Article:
The whale was first reported on March 13 by a Blue Water Maui tour vessel. NOAA’s Office of Law Enforcement (OLE) monitored the animal until the Ultimate Whale Watch response vessel, Aloha Kai, arrived to assess the entanglement. Unfortunately, the animal was lost among the many whales in the area before a disentanglement could be launched.

On Tuesday, March 15, PacWhale Eco-Adventures’ Ocean Voyager sighted the whale and hailed the sanctuary’s research vessel, Koholā, which was already on the water collecting humpback whale population health data. The multi-agency Pacific Islands Large Whale Entanglement Response Team mounted an authorized response.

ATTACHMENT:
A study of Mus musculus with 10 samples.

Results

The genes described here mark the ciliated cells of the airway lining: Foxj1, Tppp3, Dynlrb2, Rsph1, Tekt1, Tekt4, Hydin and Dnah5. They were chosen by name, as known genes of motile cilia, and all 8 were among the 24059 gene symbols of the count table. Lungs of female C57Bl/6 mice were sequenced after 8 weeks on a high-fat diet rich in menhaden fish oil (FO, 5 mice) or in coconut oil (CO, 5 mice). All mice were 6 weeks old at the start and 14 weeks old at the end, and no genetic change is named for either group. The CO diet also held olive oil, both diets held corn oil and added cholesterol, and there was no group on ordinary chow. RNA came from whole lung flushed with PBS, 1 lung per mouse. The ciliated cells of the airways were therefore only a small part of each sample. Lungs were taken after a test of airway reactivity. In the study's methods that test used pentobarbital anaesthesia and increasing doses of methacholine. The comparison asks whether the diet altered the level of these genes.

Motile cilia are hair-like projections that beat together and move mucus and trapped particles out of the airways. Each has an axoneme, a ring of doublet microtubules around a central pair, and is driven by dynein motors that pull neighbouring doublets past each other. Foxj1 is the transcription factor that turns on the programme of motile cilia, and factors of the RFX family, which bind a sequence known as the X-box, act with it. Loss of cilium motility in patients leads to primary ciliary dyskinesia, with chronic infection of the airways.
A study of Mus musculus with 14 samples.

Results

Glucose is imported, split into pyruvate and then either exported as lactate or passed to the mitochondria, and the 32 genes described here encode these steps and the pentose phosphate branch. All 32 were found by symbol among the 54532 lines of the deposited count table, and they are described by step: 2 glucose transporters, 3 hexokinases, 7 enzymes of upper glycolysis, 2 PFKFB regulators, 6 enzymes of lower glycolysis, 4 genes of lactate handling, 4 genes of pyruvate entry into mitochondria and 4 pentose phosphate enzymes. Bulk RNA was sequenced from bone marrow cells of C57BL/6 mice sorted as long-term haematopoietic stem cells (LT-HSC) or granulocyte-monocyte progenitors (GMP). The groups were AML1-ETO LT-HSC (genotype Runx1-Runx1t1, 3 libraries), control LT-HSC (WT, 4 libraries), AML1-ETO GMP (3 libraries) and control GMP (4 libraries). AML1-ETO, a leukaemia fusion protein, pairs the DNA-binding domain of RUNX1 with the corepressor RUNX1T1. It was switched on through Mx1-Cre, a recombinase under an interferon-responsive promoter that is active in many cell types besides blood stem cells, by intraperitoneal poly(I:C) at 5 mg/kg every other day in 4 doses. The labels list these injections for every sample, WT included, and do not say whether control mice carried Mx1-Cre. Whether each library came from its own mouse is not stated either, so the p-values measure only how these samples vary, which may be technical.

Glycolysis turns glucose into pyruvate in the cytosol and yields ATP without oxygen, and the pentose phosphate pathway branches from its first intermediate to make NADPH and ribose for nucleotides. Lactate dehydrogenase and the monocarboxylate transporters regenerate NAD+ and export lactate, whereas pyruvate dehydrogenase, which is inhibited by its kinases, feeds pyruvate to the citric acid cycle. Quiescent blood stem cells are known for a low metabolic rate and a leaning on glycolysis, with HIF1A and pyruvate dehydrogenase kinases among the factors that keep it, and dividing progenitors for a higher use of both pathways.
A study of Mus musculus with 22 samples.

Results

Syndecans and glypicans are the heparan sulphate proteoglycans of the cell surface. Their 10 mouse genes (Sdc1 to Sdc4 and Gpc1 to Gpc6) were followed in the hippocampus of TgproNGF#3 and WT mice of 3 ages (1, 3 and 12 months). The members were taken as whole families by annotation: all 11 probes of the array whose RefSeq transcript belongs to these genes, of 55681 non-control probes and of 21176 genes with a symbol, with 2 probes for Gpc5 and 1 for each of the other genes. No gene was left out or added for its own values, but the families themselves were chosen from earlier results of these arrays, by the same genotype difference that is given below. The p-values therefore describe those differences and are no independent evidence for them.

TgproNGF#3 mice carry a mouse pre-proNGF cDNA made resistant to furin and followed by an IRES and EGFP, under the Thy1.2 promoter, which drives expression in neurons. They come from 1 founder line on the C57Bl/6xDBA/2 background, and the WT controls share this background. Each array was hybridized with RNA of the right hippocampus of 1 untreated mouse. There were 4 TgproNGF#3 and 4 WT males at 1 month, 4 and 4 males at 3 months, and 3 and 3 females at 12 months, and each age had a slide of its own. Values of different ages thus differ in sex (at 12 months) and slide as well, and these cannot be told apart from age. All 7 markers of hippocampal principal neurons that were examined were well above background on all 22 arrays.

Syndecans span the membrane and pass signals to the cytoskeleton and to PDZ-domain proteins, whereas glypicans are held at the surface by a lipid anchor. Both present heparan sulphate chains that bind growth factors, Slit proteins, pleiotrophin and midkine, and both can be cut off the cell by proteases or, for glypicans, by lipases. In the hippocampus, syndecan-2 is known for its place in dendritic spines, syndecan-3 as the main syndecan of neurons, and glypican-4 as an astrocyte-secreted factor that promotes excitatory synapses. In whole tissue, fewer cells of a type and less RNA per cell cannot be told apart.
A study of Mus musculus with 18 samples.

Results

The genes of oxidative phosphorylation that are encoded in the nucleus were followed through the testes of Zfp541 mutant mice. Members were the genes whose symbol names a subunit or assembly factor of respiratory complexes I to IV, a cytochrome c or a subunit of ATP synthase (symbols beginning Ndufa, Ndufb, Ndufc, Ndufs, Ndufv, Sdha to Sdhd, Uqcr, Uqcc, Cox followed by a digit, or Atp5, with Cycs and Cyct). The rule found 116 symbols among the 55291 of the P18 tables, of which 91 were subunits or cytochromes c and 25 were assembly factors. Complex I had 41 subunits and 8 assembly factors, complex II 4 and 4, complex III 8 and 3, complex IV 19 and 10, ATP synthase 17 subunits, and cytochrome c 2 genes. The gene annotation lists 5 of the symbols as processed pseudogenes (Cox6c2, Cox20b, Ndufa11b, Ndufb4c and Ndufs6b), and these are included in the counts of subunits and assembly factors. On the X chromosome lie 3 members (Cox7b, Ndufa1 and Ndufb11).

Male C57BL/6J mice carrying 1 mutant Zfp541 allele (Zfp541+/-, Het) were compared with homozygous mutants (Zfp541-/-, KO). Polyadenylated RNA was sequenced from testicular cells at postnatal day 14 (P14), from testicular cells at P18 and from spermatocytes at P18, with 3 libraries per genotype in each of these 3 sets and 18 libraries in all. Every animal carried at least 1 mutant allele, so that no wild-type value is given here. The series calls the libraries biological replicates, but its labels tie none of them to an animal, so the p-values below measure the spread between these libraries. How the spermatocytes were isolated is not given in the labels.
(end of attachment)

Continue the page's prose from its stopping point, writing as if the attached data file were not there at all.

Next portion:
Entangled whale breaches. Image credit: Stack/ Pacific Whale Foundation/NOAA MMHSRP (permit no. 18786-06)

Trained network members aboard Pacific Whale Foundation’s Ocean Protector provided monitoring and safety support. The University of Hawaiʻi at Mānoa – Marine Mammal Research Program provided drone support, to help document and assess the entanglement and animal, and on several occasions was instrumental in re-locating the entangled animal.

Responders aboard Koholā prepared a hooked knife on the end of a 30-foot carbon-fiber pole to get close enough to make a cut. After several approaches, the team was able to free the whale. The gear was recovered and determined to be 21 feet of 7/8-inch diameter, 3-strand, poly-blend line. The recovered gear will be investigated to determine its origin and use to better understand the entanglement risk and its impacts in order to reduce the threat.